B.P.R.D. The Devil's Engine & The Long Death. Mike Mignola, John Arcudi (Writers), Tyler Crook, James Harren (Art), Dave Stewart (Colours), Clem Robins (Letters). Dark Horse Books (2012)

This book has two long stories, The Devil's Engine which is enjoyable and The Long Death which is excellent. In the Devil's Engine a B.P.R.D Agent, Andrew Devon and a physic crust punk, Fenix are taking a train back to Denver. Fenix had shot Abe Sapien in a previous episode and was turning her self into the B.P.R.D., Agent Devon had witnessed the shooting and done nothing to prevent it and this event forms an uneasy knot between them. Fenix has a premonition about danger on the train which turns out be to accurate and herself and Devon face a long journey back to Denver when they encounter some very large and very, very hungry monsters. The action is well staged and the interaction between the cast in nicely judged. The climax is smart and effective. In the Long Death Johann Kraus leads a team to investigate an incident in the Northwest woods. Johann has an agenda he does not share with the rest of the team which leads to significant trouble and then to a superbly staged double confrontation and conclusion.
What marks the difference between the two stories is the strong sense that the second story matters, it has deep roots in the continuity of the B.P.R.D series, it tackles a trailing plot line in a powerful and effective fashion. Even as doors are closed more are opened, the cast behave in unheroic but very characteristic  ways, make terrible mistakes and struggle credibly to deal with the extraordinary events that surround them. On the other hand in the Devil's Train the neither Fenix nor Devon have the same depth of time in the continuity, they take a starring role very late in the series without their being sufficient evidence anywhere why the reader should care. It is highly unlikely that any reader is coming to this volume cold, the extensive cast have been around for quite a while and the rather abrupt positioning of two relative unknowns center stage is odd. The second thread in the story is a door opening exercise typical of the series, it looses some impact because it is not surrounded by a story that could lend it more significance or tension.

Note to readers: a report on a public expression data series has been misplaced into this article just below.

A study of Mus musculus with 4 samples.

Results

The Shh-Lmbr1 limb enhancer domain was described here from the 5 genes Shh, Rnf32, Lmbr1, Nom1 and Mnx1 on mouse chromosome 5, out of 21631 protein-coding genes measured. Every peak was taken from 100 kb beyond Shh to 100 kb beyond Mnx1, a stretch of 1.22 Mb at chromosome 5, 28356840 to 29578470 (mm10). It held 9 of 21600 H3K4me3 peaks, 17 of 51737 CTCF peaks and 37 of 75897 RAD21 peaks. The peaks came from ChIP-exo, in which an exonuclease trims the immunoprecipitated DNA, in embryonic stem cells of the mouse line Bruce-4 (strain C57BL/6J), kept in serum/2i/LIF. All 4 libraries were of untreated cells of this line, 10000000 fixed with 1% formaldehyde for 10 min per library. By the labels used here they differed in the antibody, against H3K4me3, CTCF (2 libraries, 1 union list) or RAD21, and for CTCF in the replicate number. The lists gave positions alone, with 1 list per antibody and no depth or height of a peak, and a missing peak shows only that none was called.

The art by Tyler Crook on The Devil's Engine is superb, Devon and Fenix are given the chance to move through a lot of different situations and emotions and be believable in them all. The deeply nasty monsters are creepy and and never look as thought they have been forced into the surroundings. The action is vivid as are the reactions.
James Harren's art on The Long Death is outstanding moving from a gripping opening to two extended fight scenes which are messy, brutal beat downs , which considering who is involved is exactly what they should be. The snowy Northwest woods forms a great back drop, it never overshadows the cast it just puts them in perspective as the monsters circle about them. With a larger cast there is a opportunity for small slivers of interplay that are one of the joys of the series as minor characters get to make a mark.
Dave Stewart colours both stories with his usual level of astounding craft and subtle brilliance, in particular the second , mostly silent fight in the Long Death, the colours make the action flow  and give the details the order they should have. Clem Robins uses letters with understated care and energy to give the cast deeper tone and provides sound effects that anchor the moment.
The Devil's Engine is a good story, The Long Death makes this a comic worth getting.